Today begins the Legislature’s 11th week of business. There are seven legislative days remaining in the 2023 general session.
Here are some things to keep an eye on this week:
This week marks a definitive last call for legislation. Given the minimum five-day threshold required for a bill to be passed, if it doesn’t get started this week – it’s a no-go this session. It’s likely we now have an inventory of what’s realistically on the table for that remainder of time.
Expect action on the General Fund budget and Education Trust Fund simultaneously this week to answer a $11.8 billion question. The proposed $3 billion General Fund is in the hands of the Senate as the House takes up an $8.8 education and supplemental budget. Each will land in their respective committees Wednesday and be postured for final passage as soon as Thursday.
Rebates vs. Grocery Tax
Traveling along the education budget surplus track are two forms of taxpayer relief that look quite a bit different than originally proposed. As passed by the Senate, Gov. Kay Ivey’s $800 rebate for working families, $400 for individuals, was reduced to $100 for individuals. It’s still on the cutting room floor in this week’s House process.
Ainsworth’s proposal to cut the grocery tax received total support of the Senate and featured some key dynamics budget leaders wanted to see, such as a gradual-reduction mechanism and Supplemental Nutrition Assistance Program definition of food. Given that any revenue reductions have to originate in the House, Chairman Danny Garrett followed suit with a bill that includes many of those features. 100 members of the House signed onto that proposal.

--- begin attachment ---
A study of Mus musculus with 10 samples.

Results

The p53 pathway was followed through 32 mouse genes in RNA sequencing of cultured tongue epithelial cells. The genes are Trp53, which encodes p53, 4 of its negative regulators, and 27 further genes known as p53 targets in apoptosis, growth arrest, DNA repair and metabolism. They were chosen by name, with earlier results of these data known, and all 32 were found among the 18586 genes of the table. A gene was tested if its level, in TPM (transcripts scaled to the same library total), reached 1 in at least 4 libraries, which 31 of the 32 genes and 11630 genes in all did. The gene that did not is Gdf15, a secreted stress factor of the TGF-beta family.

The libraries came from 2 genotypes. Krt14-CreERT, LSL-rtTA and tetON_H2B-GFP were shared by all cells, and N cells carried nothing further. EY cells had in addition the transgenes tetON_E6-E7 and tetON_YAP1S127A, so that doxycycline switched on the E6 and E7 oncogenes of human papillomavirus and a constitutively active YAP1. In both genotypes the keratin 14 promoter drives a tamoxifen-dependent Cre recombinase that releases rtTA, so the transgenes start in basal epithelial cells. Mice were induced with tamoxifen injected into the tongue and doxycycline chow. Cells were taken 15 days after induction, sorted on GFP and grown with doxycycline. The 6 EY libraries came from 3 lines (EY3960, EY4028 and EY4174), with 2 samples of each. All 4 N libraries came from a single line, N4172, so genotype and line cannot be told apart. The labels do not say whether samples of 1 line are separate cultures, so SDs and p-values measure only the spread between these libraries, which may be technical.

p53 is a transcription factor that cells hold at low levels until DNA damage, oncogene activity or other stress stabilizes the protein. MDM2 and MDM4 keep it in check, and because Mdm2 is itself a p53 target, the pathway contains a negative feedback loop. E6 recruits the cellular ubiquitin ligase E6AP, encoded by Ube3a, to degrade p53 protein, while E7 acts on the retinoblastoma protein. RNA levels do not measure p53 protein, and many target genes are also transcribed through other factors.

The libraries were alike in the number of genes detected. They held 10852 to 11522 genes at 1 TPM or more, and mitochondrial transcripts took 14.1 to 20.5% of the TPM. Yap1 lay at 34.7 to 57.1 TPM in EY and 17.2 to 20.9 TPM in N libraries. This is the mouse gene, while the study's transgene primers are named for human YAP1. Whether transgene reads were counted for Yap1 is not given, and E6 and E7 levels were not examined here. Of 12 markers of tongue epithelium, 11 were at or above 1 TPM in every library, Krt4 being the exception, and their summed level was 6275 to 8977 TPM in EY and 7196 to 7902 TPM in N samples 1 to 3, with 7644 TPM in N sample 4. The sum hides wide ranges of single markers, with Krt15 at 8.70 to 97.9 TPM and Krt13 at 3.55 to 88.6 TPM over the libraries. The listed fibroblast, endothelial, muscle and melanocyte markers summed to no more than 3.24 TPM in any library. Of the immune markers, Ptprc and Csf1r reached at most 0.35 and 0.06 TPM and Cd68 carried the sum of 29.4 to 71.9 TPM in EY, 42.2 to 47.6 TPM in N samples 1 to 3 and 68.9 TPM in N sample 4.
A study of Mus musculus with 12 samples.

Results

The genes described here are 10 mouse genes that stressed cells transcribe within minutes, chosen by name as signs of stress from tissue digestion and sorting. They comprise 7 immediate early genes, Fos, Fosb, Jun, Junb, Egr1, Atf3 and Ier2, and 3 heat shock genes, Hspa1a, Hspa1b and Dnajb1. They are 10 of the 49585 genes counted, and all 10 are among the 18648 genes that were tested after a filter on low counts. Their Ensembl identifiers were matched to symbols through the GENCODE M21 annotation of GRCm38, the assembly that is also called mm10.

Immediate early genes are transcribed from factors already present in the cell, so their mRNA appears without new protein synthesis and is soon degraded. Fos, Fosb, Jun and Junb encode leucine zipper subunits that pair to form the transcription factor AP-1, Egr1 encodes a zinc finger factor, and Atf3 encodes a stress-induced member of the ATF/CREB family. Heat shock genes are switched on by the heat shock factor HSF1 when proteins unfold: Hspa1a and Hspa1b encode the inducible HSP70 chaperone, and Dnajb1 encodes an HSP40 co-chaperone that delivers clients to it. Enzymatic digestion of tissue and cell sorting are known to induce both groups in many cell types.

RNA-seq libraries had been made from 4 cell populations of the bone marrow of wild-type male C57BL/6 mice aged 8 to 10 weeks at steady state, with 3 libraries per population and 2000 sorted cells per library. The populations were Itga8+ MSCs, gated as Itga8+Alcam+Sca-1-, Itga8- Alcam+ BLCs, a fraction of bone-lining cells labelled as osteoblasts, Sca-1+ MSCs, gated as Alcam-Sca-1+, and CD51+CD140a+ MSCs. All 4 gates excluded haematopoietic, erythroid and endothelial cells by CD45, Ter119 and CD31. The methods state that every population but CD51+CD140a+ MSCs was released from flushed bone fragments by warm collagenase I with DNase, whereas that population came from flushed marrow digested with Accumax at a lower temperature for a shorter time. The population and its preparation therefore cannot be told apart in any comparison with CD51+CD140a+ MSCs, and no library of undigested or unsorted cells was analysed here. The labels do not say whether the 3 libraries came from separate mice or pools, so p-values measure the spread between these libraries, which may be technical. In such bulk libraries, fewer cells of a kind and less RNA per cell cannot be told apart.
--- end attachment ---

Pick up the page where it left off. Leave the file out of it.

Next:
With rebates, grocery tax cuts, and the entire education budget on the agenda – the House Ways & Means Education Fund committee will be one to watch Wednesday morning.
This could be a positive week for those hoping the Legislature will authorize a temporary fix to keep Birmingham-Southern College and universities in similar situations afloat. Sen. Jabo Waggoner’s proposal to create a revolving loan program for distressed higher ed institutions lands in House committee Wednesday after a full passage by the Senate this month.
If implemented, the State Treasurer’s office would be able to provide a loan offering to colleges that have been open for more than 50 years, have a significant impact on the surrounding community, and can provide collateral assets. Tuskegee University and Stillman University are also seeking financial support.
With Redstone Arsenal in the national news spotlight, many lawmakers are thinking about the wide range of legislation on the table to further support Alabama’s military residents. Expect those proposals to be a priority during floor action this week.
Rep. Pebblin Warren’s bill to set kindergarten graduation as a requirement for entry into the first grade in Alabama is on the docket Wednesday in the Education Policy Committee. Ivey pointed to such a requirement as a good idea for schools in her State of the State Address.
Today, Ivey will have a ceremonial bill-signing for several hallmark pieces of legislation, including Rep. Ginny Shaver’s adoption process reform and Rep. Andy Whitt’s financial literacy graduation requirement for Alabama high schools.
Grayson Everett is a staff writer for Yellowhammer News. You can follow him on Twitter @Grayson270 for coverage of the 2023 legislative session.
Don’t miss out! Subscribe today to have Alabama’s leading headlines delivered to your inbox.